Law School Admission Essay - Three Key Attributes
By John Newcomb
What do Law Schools look for in application essays? The admissions committee at any law school looks at your application (which includes transcripts, LSAT scores, recommendations, and personal statement), they essentially seek the answer to one single question: Can this person succeed at this school, and will he actually make a good lawyer upon graduating?
What do Law Schools look for in application essays?
The admissions committee at any law school looks at your application (which includes transcripts, LSAT scores, recommendations, and personal statement), they essentially seek the answer to one single question: Can this person succeed at this school, and will he actually make a good lawyer upon graduating?
However, as the admissions committee members get to your essay, their focus shifts from objective to subjective analysis. For instance, often admissions officers say that they look to the essays to feel that they've come to know a real human being, his personality and character. In this subjective setting, officers often say that they look for someone they feel that they know, understand, and most importantly, spend three years of the law school with.
These are the three essential ingredients of a successful law school admission essay:
1. Writing/Communication Skills
A no-brainer when it comes to admissions essays. As an attorney, you are expected to have above-par, even exceptional communication skills.
The admission essay, thus, is a perfect platform to showcase these skills.
Of course, your essay doesn't have to appear as the work of a future Pulitzer prize winning author, but as a future lawyer, judge, or politician. The ability to present ideas skillfully is the essential to success in the legal profession, and good writing is a very strong indicator of these communication skills.
At the J.D. level, good writing skills are expected in a candidate. A typo, a single grammatical mistake, a factual error - little, oblivious mistakes could cost you a spot at a law school. While a beautifully written essay won't singularly get you inside a law school, a poorly written one might cost you the admission.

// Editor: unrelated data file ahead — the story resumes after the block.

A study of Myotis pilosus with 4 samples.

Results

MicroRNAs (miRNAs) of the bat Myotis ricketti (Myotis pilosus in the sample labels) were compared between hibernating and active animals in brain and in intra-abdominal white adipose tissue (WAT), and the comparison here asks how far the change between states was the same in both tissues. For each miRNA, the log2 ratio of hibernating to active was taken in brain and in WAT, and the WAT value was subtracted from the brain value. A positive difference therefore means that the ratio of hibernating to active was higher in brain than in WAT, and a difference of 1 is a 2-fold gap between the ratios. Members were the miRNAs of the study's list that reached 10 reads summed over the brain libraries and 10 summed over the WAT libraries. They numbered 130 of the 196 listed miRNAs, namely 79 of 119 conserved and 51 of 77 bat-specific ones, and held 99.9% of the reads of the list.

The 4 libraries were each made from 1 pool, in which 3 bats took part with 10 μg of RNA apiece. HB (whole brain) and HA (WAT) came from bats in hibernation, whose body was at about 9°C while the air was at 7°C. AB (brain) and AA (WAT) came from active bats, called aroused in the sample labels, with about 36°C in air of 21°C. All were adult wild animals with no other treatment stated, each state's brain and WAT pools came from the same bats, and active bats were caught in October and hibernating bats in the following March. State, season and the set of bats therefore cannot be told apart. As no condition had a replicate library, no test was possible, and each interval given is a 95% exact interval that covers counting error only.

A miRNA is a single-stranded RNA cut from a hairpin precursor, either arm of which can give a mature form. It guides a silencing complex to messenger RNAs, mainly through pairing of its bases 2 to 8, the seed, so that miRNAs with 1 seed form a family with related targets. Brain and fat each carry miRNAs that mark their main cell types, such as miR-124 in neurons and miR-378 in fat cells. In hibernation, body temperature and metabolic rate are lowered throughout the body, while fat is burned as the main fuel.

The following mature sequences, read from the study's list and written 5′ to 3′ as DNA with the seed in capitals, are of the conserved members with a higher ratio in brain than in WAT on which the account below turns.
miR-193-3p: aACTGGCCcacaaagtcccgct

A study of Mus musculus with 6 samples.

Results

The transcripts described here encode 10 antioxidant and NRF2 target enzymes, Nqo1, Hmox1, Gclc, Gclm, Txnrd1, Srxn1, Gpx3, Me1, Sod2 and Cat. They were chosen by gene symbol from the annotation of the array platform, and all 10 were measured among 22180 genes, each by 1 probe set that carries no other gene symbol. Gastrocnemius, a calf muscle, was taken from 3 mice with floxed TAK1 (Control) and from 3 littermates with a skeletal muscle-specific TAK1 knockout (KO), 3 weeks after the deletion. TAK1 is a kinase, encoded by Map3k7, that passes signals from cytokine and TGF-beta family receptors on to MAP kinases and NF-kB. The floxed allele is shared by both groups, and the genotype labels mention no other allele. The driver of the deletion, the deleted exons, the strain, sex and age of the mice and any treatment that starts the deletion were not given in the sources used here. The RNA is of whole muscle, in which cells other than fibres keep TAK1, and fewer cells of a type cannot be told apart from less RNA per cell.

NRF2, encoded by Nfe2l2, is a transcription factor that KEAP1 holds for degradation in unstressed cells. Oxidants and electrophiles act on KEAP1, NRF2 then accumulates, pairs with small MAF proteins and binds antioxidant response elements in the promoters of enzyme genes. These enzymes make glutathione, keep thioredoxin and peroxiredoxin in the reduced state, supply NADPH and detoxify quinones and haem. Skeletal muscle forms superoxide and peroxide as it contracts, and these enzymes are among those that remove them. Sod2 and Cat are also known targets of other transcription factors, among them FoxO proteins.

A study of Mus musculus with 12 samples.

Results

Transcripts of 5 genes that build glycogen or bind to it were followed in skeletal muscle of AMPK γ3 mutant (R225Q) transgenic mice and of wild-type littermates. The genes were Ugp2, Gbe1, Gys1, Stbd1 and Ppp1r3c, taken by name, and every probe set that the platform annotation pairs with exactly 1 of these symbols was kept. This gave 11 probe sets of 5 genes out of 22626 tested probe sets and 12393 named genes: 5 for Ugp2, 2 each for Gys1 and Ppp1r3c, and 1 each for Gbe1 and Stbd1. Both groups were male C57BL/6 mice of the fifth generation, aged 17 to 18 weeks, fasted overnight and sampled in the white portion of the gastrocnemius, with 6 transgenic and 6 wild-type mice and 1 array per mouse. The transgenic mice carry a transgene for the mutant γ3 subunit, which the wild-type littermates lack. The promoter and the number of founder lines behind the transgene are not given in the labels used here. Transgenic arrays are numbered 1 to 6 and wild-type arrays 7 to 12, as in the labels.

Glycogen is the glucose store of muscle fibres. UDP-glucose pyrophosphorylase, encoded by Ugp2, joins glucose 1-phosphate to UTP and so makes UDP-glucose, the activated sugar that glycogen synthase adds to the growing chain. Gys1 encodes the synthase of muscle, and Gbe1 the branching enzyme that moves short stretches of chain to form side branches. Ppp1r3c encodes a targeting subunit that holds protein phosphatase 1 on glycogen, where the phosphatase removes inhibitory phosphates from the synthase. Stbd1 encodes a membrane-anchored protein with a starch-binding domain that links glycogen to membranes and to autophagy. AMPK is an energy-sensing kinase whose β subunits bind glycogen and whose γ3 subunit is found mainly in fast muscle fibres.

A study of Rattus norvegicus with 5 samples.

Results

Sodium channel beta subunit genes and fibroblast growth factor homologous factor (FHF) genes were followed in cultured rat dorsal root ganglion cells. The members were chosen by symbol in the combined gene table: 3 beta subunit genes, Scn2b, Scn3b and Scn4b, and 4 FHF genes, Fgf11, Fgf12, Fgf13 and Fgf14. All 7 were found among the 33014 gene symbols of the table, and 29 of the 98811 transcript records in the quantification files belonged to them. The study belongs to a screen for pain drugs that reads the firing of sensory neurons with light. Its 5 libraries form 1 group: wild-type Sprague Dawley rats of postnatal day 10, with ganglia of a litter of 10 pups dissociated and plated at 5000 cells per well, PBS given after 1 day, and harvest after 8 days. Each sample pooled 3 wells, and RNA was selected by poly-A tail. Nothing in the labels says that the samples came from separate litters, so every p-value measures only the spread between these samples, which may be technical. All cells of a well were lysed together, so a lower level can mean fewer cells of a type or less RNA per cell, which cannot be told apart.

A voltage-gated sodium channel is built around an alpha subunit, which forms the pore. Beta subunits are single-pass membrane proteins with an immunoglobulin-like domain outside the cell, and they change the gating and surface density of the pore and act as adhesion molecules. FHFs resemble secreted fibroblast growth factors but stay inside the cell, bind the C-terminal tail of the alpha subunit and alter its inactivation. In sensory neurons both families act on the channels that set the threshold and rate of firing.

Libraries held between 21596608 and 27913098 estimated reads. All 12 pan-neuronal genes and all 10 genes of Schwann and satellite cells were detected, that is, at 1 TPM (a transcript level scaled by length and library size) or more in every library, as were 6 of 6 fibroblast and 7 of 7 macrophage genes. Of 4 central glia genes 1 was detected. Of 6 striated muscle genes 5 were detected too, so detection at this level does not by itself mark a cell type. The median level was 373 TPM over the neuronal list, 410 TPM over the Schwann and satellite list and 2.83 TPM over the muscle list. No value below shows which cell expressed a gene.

The admissions officer basically looks at the essay and asks: Does the candidate have a strong command of the English language? Solid writing style and organizational abilities?
Provide the answer to these questions, and you'll have one foot inside the college door.
The admissions committee expects your essay to answer an obvious question: Why?
Why do you want to apply to this college and not that college? Why do you think you'll make a good addition to our student body? Why do you think you'll make a good lawyer?
In other words, the committee is looking for your motivation to getting into the law school.
Did you decide on a whim, or because you made a drunken bet with your friend that you could get into law school. Or maybe you want to impress your family, or perhaps its been a lifelong dream of yours to be an attorney.
In other words, your reasons for getting into law school, thus, have to be strong enough to support your application. A drunken bet with friends will not actually cut it, nor will an artificial reason like impressing family/girlfriend/etc.
The law school wants to know that you really want to get inside, that you really want to be a lawyer.
Your single, individual goal in the essay, thus, is to prove to the admissions officer that you belong to their school, that you've worked hard to get this far, and that you'll continue doing so once you get inside. That you're committed, motivated to be Juris Doctor from your chosen law school.
3. A Real Person
As mentioned earlier, above anything, the admissions committee members seek out character and personality in the essay. In other words, the committee members want to believe that they are reading the personal statement of a real, live human being.
The admissions committee has never seen you. They haven't ever spoken to you. Whatever they know about you is what is recorded in your transcripts, factual information in your application, and most importantly, what is written in your personal statement.
The personal statement, thus, becomes the window to your personality, your character. Its the way you communicate with the admissions officer, woo him, in fact. When asked, admissions officers will often give you varied advice (be honest, be unique, etc.), that all essentially means one thing: Be Yourself!
This is, in a way, the exact same advice you would be given while dating.
Imagine the plight of the admissions officers: thumbing through countless stacks of essays, all boring, all penned down mechanically. Then, when he comes across a beautifully crafted essay that speaks to him, connects to him, interests him, you can be sure that he will start leaning in your favor.
Combine all these elements, and you'll have a winner of a law school admissions essay on your hands, one that can charm the hardest of admissions committee and bag you a seat at that law school you've been eying since your undergrad days.
John Newcomb is the editor of JDJungle.com, an online law magazine targeted towards the young lawyer with extensive tips to ace your law school admissions, including our exclusive coverage of the LSAT, law school profiles, and tips for your job interview.